Much has changed in computer interfacing since the early days of computing—or has it? Admittedly, gone are the days of punched cards and/or paper tape readers as input devices; likewise, monitors (displays) have superseded printers as the primary output device. Nevertheless, the QWERTY keyboard shows little sign of falling into disuse—this is essentially the same input device as those used on the earliest (electromechanical) TeleTYpewriters, in which the “worst” key layout was deliberately chosen to slow down user input (i.e., fast typists). The three major advances since the 1950s have been (1) the rise of low cost (commodity off-theshelf) CRT monitors in the 1960s (and in more recent times, LCD ones), (2) the replacement of (text-based) command line interfaces with graphical user interfaces in the 1980s, and (3) the rise of the Internet/World Wide Web during the 1990s. In recent times, while speech recognition (and synthesis) has made some inroads (i.e., McTeal, 2002; O’Shaughnessy, 2003), the QWERTY keyboard and mouse remain the dominant input modalities.
Over the years the term “audio-visual” (AV) has segued into the more modern one of “multimedia” (MM), reflecting not only the incorporation of various I/O modalities, but also the implication of interactivity between user and system. Nevertheless, the older term still reflects the primary focus of MM systems today, these being sight and sound—the two primary modalities. Barfield (2004) views sound as being the “forgotten child” of MM, characterizing it as active, non-localized, transient, and dynamic, in contrast to graphics, which he characterizes as passive, localized, permanent, and static. Now speech is inherently temporal in nature, whereas vision is spatial—hence synchronization is a fundamental consideration in multimodal interfaces, in order that users do not suffer cognitive overload.
Ordinarily when we speak of multimodal interfaces, we mean the concurrent arrival of user input via more than one modality (sense). It is possible in some situations, however, that sequential operation is more appropriate—in other words, switching modalities where appropriate for improved clarity of user input to a system.
Now AV speech is inherently bi-modal in nature, which means that visual cues (such as eye/lip movement, facial expression, and so on) play an important role in automatic speech recognition—ASR (Potamianos, Neti, Gravier, Garg, & Senior, 2003). The key issues in this context are (a) which features to extract from lip movements, and (b) how to fuse (and synchronise) audio and visual cues.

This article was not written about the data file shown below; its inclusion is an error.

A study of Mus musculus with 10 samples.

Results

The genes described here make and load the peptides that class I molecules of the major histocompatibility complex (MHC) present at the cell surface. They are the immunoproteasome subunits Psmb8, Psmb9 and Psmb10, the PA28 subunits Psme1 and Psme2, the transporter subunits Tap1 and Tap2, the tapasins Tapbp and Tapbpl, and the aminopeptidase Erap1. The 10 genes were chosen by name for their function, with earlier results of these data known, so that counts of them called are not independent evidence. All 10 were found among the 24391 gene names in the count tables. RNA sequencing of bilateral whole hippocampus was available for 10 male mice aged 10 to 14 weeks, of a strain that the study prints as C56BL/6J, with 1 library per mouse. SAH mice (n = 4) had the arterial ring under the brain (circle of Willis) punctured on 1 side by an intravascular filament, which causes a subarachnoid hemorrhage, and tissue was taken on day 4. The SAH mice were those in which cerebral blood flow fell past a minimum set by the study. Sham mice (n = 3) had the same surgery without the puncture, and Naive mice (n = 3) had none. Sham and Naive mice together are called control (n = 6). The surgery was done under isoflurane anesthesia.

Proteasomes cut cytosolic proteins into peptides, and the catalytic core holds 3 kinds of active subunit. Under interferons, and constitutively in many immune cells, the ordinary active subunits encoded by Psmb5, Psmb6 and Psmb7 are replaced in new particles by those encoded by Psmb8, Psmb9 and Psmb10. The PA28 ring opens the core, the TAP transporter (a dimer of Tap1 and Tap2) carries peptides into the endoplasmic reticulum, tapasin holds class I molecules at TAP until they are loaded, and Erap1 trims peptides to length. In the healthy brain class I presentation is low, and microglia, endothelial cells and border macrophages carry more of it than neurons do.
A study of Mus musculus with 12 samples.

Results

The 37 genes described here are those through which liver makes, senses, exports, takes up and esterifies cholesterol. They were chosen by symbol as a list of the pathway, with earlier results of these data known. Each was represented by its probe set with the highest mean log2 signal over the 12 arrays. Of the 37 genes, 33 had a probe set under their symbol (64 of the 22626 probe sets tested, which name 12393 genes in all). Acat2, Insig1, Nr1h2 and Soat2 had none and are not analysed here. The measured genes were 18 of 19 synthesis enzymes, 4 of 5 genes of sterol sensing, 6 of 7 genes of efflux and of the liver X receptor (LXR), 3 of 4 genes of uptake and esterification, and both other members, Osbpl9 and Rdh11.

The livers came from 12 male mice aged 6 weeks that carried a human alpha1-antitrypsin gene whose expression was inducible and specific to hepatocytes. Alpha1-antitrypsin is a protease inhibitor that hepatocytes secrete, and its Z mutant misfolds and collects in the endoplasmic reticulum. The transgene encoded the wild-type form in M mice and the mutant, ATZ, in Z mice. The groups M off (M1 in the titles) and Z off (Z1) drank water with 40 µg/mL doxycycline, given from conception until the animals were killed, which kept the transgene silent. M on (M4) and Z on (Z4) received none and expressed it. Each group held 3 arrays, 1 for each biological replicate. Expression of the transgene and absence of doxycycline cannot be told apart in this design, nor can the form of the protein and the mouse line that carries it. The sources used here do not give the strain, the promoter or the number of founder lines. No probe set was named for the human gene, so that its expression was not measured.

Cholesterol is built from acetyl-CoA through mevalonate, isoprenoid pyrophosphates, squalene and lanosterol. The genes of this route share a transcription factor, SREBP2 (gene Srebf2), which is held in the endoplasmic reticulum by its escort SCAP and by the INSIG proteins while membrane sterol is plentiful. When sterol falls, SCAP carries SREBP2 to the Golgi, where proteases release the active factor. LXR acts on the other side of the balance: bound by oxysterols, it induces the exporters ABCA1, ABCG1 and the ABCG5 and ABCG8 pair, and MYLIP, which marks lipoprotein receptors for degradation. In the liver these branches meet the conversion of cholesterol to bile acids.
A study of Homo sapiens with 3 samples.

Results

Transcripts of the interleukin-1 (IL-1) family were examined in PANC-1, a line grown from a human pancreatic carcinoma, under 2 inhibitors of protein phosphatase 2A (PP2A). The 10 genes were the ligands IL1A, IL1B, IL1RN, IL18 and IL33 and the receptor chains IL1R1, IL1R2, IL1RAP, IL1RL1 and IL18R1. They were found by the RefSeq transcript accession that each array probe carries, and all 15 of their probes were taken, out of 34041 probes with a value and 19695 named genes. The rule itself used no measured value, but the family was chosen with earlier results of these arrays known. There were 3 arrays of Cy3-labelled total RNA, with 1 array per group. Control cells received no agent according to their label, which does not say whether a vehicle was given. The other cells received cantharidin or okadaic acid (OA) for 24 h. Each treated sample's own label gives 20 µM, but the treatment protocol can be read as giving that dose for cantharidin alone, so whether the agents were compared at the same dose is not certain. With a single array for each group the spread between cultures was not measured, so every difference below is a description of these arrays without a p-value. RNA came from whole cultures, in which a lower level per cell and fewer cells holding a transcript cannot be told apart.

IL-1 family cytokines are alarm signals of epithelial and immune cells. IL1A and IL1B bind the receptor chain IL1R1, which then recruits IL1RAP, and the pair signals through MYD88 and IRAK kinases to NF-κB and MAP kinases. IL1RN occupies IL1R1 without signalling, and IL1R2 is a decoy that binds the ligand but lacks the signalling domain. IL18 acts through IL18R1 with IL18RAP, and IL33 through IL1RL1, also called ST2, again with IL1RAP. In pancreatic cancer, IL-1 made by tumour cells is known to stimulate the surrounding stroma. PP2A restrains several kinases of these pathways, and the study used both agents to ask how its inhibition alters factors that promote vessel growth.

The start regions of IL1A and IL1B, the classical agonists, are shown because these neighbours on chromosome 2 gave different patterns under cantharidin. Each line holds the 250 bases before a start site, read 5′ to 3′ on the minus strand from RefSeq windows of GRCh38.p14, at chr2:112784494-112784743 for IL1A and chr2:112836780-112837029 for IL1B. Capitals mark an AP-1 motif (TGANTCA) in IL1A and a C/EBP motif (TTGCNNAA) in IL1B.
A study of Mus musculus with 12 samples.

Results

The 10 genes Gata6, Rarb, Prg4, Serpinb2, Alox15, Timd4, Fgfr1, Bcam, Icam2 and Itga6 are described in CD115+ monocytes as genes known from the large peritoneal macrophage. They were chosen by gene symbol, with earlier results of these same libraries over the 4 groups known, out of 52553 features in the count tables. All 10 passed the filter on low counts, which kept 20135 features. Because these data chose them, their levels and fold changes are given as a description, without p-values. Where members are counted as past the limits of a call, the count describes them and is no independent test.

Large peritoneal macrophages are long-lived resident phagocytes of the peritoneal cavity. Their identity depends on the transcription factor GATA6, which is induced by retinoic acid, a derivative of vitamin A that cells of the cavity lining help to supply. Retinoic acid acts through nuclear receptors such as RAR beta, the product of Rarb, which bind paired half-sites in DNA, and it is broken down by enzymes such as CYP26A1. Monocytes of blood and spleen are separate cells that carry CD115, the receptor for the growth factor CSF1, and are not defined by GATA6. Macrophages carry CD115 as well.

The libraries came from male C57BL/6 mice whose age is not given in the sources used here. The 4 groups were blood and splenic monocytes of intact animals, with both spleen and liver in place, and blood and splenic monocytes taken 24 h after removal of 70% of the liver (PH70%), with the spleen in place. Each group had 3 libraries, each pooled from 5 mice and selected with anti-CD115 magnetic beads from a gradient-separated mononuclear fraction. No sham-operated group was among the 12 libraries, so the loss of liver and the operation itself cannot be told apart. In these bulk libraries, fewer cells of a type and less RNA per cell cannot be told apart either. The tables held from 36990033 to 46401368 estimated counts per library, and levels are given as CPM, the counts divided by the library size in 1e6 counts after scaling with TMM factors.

Another example of a bi-modal user interface is the speech-gesture one developed by Sharma et al. (2003) for crisis management in emergency situations. Taylor, Neel, and Bouwhuis (2000) likewise discuss combining voice and gesture, whereas Smith and Kanade (2004) focus specifically on extracting information from video. Many other multimodal interfaces abound in the literature (e.g., Booher, 2003; Bunt & Bevin, 2001; Jacko & Sears, 2003; McTeal, 2002; Yuen, Tang, & Wang, 2002).
Figure 1 shows a system that incorporates three input modalities—(1) sight (hand gesture + scanned text and/or images), (2) sound (voice input via microphone), and (3) touch (via mouse + keyboard), together with the two most commonly used (i.e., AV) output modalities (sight and sound).
Common interface modalities
We have just seen how data (information) fusion needs to be considered in bi- (multi)modal user interfaces. This is especially important in lip synching in the case of combining the two dominant modalities (that is, sight and sound). This is a common post-production activity in film production, as well as a factor that needs to be taken into account in designing multi-user role-playing games for the Internet.
Key Terms in this Chapter
Tactile Interface: User interface that measure the pressure or force exerted by a user upon an object. Tactile devices receive and react to forces applied by the user.
Laparoscopy: A surgical technique in which several small incisions are made. A camera is inserted through one of these incisions and surgical instruments through the others. The surgery is guided by the camera, allowing for smaller instruments and surgical incisions to be used. Laparoscopic surgeries are generally less traumatic than traditional open surgeries.
Trauma-Reach: A VR program designed to train physicians to manage trauma patients.
SimMentor: A VR program which trains surgeons in laparoscopic techniques.
Virtual Reality: An interactive artificially created environment primarily involving the senses of vision, hearing, and touch but which may include all five senses. The artificial computer-generated environment may be manipulated and feedback given, allowing numerous scenarios to be enacted.
AccuTouch: A VR simulator designed to teach colonoscopy.
Haptic Feedback Device: A system in which the user interfaces via the sense of touch utilizing the application of forces, vibrations, or motions. These devices allow people to experience tactile stimuli in VR settings. Haptic devices are forces that are applied to the user.
Augmented Reality: A computer generated program which combines elements from the real world with elements of computer generated scenarios.